You may not care about war . . .


. . . but war cares about you.

For several years, I’ve been warning that the rise in nationalism will lead to more war. And now it’s happening.  Here’s Bloomberg:

This week, the International Institute for Strategic Studies in London published the latest edition of its authoritative annual Armed Conflict Survey, and it’s not predicting much peace for the holidays. It paints a grim picture of rising violence in in many regions, of wars chronically resistant to broking of peace. The survey — which addresses regional conflicts rather than the superpower confrontation between China, Russia, the US and its allies — documents 183 conflicts for 2023, the highest number in three decades. . . .

This week, the International Institute for Strategic Studies in London published the latest edition of its authoritative annual Armed Conflict Survey, and it’s not predicting much peace for the holidays. It paints a grim picture of rising violence in in many regions, of wars chronically resistant to broking of peace. The survey — which addresses regional conflicts rather than the superpower confrontation between China, Russia, the US and its allies — documents 183 conflicts for 2023, the highest number in three decades.

This may seem like a faraway problem, as most of these conflicts occur in Africa, the Middle East and south/central Asia.  But as this tweet demonstrates, it is those regions that will increasingly dominate the global population:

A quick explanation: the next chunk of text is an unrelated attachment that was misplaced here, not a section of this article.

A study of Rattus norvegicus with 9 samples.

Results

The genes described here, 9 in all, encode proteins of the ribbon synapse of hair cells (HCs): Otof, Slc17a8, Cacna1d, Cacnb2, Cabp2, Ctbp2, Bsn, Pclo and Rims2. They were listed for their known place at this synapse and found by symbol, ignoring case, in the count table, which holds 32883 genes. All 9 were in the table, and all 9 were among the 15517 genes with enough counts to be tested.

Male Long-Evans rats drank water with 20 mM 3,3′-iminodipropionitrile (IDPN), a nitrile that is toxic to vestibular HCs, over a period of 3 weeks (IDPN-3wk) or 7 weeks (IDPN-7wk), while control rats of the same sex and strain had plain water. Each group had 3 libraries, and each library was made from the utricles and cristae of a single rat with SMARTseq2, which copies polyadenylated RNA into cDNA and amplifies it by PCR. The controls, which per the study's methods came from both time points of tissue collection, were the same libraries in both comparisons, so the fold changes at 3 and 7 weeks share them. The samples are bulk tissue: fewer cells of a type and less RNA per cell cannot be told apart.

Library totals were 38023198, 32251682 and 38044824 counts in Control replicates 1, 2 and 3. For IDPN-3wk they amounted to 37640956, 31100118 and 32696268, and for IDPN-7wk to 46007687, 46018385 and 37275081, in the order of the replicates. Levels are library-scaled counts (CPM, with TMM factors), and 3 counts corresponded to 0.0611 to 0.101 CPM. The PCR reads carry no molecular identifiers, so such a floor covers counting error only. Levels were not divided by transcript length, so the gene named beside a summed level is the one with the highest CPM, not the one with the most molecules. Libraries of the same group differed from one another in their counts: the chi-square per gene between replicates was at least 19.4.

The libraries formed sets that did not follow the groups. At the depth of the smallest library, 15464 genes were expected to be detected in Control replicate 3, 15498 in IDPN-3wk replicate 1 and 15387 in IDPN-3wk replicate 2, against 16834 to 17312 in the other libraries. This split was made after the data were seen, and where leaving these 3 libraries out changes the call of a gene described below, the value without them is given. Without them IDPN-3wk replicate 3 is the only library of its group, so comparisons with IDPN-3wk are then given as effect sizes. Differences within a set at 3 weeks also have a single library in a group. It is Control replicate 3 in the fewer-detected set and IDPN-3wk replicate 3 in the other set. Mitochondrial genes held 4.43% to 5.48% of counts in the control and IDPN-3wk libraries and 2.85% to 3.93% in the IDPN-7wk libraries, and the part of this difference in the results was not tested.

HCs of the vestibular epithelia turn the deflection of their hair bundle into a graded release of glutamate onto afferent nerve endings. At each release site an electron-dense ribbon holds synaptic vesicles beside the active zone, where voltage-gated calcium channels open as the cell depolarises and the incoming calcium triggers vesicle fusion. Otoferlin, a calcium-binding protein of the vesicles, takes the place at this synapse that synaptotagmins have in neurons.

And another Bloomberg article suggests that the problem may be spreading to the previously quiet Western Hemisphere:

In a move reminiscent of Vladimir Putin’s invasion of Ukraine, the dictator of Venezuela — Nicolás Maduro, a former bus driver and acolyte of leftist strongman Hugo Chávez — sponsored a referendum in his nation last week. The subject was whether to annex a vast region of Guyana adjacent to Venezuela called Essequibo, which represents roughly two-thirds of Guyana’s territory. It is a resource-rich tract with oil, gold, fresh water and timber — and a relatively tiny population of around 100,000. . . .

In his brilliant 2018 book on geopolitics, The Jungle Grows Back, political scientist Robert Kagan laid out the case that the more international norms are eroded somewhere, the faster chaos descends regionally and even globally. It can start to look like the 1930s, when Nazi Germany and Imperial Japan began to grab increasingly large chunks of territory in Europe and Asia, respectively.

Nationalism is not patriotism.  It is a zero-sum ideology, which looks at the world through the lens of us vs. them.  Nationalism embraces tribalism, protectionism, xenophobia, authoritarianism, militarism, misogyny and homophobia.  In my view, it has become the number one problem facing the world today.  And if not addressed, I fear that it’s about to get much worse.

PS.  I’ve done a number of posts discussing the difference between nationalism and patriotism.  Bloomberg has a good article on the subject:

It’s patriotism when love of your own people comes first; it’s nationalism when hate for people other than your own comes first. That definition comes from Charles de Gaulle, a former national hero and president of France.